British Columbia

'He spent his whole life on two wheels': Friends, family mourn death of B.C. mountain biker Jordie Lunn

Jordie Lunn, world renowned for his trick mountain biking, was trail riding with friends while filming a web series when he suffered a fatal head injury. He was 36.

Renowned rider, coach and trail builder on Vancouver Island died on trail in Mexico

Jordie Lunn, a well known mountain biker from Vancouver Island, has died at age 36. (Fraser Britton )

Friends and family say B.C. mountain biker Jordie Lunn was doing what he loved when he died Wednesday.

Lunn, who was world renowned for his trick mountain bike riding, was in Baja, Mexico, filming a web series. He was trail riding with friends when he suffered a fatal head injury. He was 36.

Lifelong friend Darren Berrecloth was with him. 

"We were having a great day. Riding bikes, laughing, giggling," says Berrecloth. "It's better he died riding his bike than in a plane crash or something horrible like that." 

Jordie Lunn riding in Baja, Mexico. (Darren Berrecloth)

Jordie Lunn grew up in Parksville, B.C., where he started BMX riding as a child. That soon turned to mountain biking, in which he competed internationally.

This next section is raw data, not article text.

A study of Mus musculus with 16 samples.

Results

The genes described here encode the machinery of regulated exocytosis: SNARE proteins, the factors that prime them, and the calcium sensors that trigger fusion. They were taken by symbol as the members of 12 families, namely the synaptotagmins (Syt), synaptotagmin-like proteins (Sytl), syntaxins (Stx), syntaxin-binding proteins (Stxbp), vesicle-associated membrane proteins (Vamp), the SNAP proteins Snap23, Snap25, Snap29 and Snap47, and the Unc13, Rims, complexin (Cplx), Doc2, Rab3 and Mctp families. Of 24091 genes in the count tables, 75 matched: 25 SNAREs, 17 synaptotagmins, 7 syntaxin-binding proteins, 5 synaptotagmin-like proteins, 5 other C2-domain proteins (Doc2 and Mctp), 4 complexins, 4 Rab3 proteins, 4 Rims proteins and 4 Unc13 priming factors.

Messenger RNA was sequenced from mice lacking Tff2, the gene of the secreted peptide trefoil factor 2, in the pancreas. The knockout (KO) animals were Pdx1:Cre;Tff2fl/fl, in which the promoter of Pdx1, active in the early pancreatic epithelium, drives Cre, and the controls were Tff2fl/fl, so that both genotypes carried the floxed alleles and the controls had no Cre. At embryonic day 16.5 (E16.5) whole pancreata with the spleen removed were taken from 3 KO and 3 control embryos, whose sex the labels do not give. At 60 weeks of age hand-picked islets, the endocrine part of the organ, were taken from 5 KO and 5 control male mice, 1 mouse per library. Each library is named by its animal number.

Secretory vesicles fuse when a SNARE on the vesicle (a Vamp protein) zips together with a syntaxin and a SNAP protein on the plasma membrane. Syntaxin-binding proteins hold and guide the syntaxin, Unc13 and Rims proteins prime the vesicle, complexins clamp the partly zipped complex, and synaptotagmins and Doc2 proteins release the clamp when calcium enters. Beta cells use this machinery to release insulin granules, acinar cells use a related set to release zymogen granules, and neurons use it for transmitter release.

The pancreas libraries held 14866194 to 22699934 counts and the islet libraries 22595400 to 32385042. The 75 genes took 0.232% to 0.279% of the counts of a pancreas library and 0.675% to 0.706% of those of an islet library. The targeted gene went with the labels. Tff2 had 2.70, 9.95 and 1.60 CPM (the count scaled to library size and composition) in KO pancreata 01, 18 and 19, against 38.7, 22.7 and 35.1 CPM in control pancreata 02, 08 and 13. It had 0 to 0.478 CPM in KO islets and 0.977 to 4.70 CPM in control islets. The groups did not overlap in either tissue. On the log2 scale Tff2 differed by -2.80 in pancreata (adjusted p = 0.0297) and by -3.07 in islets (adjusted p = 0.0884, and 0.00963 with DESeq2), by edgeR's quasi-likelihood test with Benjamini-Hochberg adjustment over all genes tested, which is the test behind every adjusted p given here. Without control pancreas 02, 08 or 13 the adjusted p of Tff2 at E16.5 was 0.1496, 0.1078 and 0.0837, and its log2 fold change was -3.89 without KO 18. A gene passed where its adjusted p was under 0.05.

Eventually, Lunn took up trick riding. He performed incredible feats on ramps and trails built in the forests of Vancouver Island. 

Jarrett Lunn says his older brother loved mountain biking.

"He spent his whole life on two wheels," he said. "If he wasn't riding his bike, he was out with a shovel and a rake, building, just spending time in the forest." 

Lunn built mountain- and dirt-biking trails around the Island, together with his father and brothers, and a crew of friends. Among his accomplishments were the downhill biking trails at Bear Mountain Resort near Victoria. 

"He was responsible for building some of the most epic downhill trails that our festival uses every year," said Jon Watkin, the director of the Bear Mountain Bike Festival. 

Jordie Lunn also coached biking, as seen in this photo from 2012. (Sterling Lorence )

Friends and family say he will be remembered for his warmth and openness. 

"From the outside you looked at him, he had all the tattoos, he looked like a big scary dude," says Berrecloth. "But he was actually the opposite. He was the biggest teddy bear on the planet."